1. Post-operative radiation therapy is associated with significantly reduced risk for local recurrence of breast cancer in the first 5 years after primary treatment.
2. Data suggests that radiotherapy offers no additional protective effect after 5 years of follow-up.
Evidence rating level: 1 (Excellent)
Study Rundown: Post-operative radiotherapy after breast-conserving surgery for early breast cancer has been demonstrated to reduce the risk for cancer recurrence. However, as many women treated for early stage breast cancer ultimately become long-term survivors, the long-term protective and toxic effects of this therapy are of interest. Previous trials with long-term follow-up have analyzed the results of lumpectomy and quadrantectomy and concluded that post-operative radiotherapy was associated with reduced recurrence. The purpose of this study was to report the 20-year findings from the Uppsala/Orebro study, which examined women treated by standardized sector resection with or without adjuvant radiotherapy.
At the conclusion of this study, the authors found that radiotherapy protects against breast cancer recurrences during the first five years of follow-up, but that this effect does not extend past that point. Furthermore, there was no significant difference in breast cancer death, cardiovascular death or overall mortality between the two treatment groups. Based on these results, the authors suggest that radiotherapy exerts its protective effects by eradicating undetected cancer foci present at the time of primary treatment, and that cancer-related events more than 5 years following treatment may represent de novo tumors. Though this study was insufficiently powered to identify subgroups within this population that would experience more or less benefit with radiotherapy, doing so would allow further refinement in the use of this treatment.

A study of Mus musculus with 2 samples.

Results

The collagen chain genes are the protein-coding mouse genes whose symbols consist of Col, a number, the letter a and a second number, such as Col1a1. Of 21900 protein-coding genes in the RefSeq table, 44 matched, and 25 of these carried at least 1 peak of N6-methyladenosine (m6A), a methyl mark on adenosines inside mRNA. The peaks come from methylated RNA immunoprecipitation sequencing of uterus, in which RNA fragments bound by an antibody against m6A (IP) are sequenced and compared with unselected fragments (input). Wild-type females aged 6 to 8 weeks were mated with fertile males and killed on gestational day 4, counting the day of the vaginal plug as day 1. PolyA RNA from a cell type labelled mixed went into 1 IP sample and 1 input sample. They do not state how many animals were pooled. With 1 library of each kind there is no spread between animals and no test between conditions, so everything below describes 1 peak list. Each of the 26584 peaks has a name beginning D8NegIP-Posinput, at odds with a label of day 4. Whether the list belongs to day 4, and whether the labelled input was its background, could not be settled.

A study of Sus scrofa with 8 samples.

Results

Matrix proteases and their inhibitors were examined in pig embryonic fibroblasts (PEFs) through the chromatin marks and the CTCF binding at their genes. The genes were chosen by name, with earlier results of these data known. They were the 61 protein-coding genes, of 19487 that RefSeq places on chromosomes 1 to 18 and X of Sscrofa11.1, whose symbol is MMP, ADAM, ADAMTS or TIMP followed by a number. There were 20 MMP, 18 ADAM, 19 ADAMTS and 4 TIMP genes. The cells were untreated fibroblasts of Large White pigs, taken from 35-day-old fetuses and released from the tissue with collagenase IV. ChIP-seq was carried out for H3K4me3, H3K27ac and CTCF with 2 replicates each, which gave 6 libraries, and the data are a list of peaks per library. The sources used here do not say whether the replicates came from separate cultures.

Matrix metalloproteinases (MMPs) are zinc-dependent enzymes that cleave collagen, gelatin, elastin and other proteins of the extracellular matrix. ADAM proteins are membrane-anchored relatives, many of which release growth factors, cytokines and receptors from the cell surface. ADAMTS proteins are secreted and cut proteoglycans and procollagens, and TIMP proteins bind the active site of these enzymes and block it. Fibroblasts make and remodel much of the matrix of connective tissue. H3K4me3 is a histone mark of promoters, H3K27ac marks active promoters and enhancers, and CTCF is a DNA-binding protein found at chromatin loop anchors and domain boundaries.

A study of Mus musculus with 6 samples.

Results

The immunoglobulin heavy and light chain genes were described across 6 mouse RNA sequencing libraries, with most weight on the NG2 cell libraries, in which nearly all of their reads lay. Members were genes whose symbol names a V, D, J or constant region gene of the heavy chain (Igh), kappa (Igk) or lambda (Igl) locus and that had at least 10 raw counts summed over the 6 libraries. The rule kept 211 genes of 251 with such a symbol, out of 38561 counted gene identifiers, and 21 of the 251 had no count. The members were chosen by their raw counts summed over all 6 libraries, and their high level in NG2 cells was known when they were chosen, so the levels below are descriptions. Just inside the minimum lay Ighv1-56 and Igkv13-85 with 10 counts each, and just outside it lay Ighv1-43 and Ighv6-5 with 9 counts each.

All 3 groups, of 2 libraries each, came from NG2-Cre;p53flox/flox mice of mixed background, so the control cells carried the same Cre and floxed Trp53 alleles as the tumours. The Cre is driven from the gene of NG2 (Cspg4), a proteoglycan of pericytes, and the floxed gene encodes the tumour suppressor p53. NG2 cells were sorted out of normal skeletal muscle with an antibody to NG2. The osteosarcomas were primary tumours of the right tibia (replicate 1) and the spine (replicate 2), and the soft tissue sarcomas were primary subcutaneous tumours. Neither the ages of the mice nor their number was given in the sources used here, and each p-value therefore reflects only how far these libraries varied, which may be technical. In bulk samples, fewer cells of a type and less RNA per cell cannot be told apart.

These results benefit from the population-based, randomized and controlled design. Furthermore, long-term follow-up was minimized in both treatment groups. Nevertheless, the limited sample size left this study underpowered to investigate any potential effects of post-operative radiotherapy on different subgroups. Therefore, further study is needed to evaluate the long-term effects of radiotherapy.
In-Depth [randomized controlled trial]: A total of 514 patients with T1N0 disease were initially recruited, and 381 ultimately enrolled after excluding patients with multiple tumors in pathologic report and undefinable tumor size on mammography. These women were then randomly assigned to breast conserving surgery by sector resection with post-operative radiation therapy or to sector resection alone. Both groups were then followed for more than 20 years through December 2010. Complete follow-up was achieved for nearly all patients in both arms and analysis was by intention to treat. The primary outcomes were time to first breast cancer event (defined as local recurrence distant/reginao metastases or death due to generalized breast cancer). Secondary outcomes included time to first event of contralateral breast cancer, death from other cancers, time to death due to generalized breast cancer and time to all-cause mortality.
At 20 year follow-up, the absolute risk difference between the two treatment arms was 14% (95% CI, -24% to -5%), which was almost exclusively attributable to the difference in local recurrence as a first event. The total risk of first breast cancer event of any type after 20 years was 30.9% in the radiotherapy group and 45.1% in the surgery group (HR 0.58, 95% CI, 0.41 to 0.82). Overall mortality was 50.4% and 54% (HR, 0.92, 95% CI 0.71 to 1.19), respectively. Contralateral cancer and death due to non-breast cancer were 27.1% and 24.9% (HR, 1.17, 95% CI 0.77 to 1.77), respectively.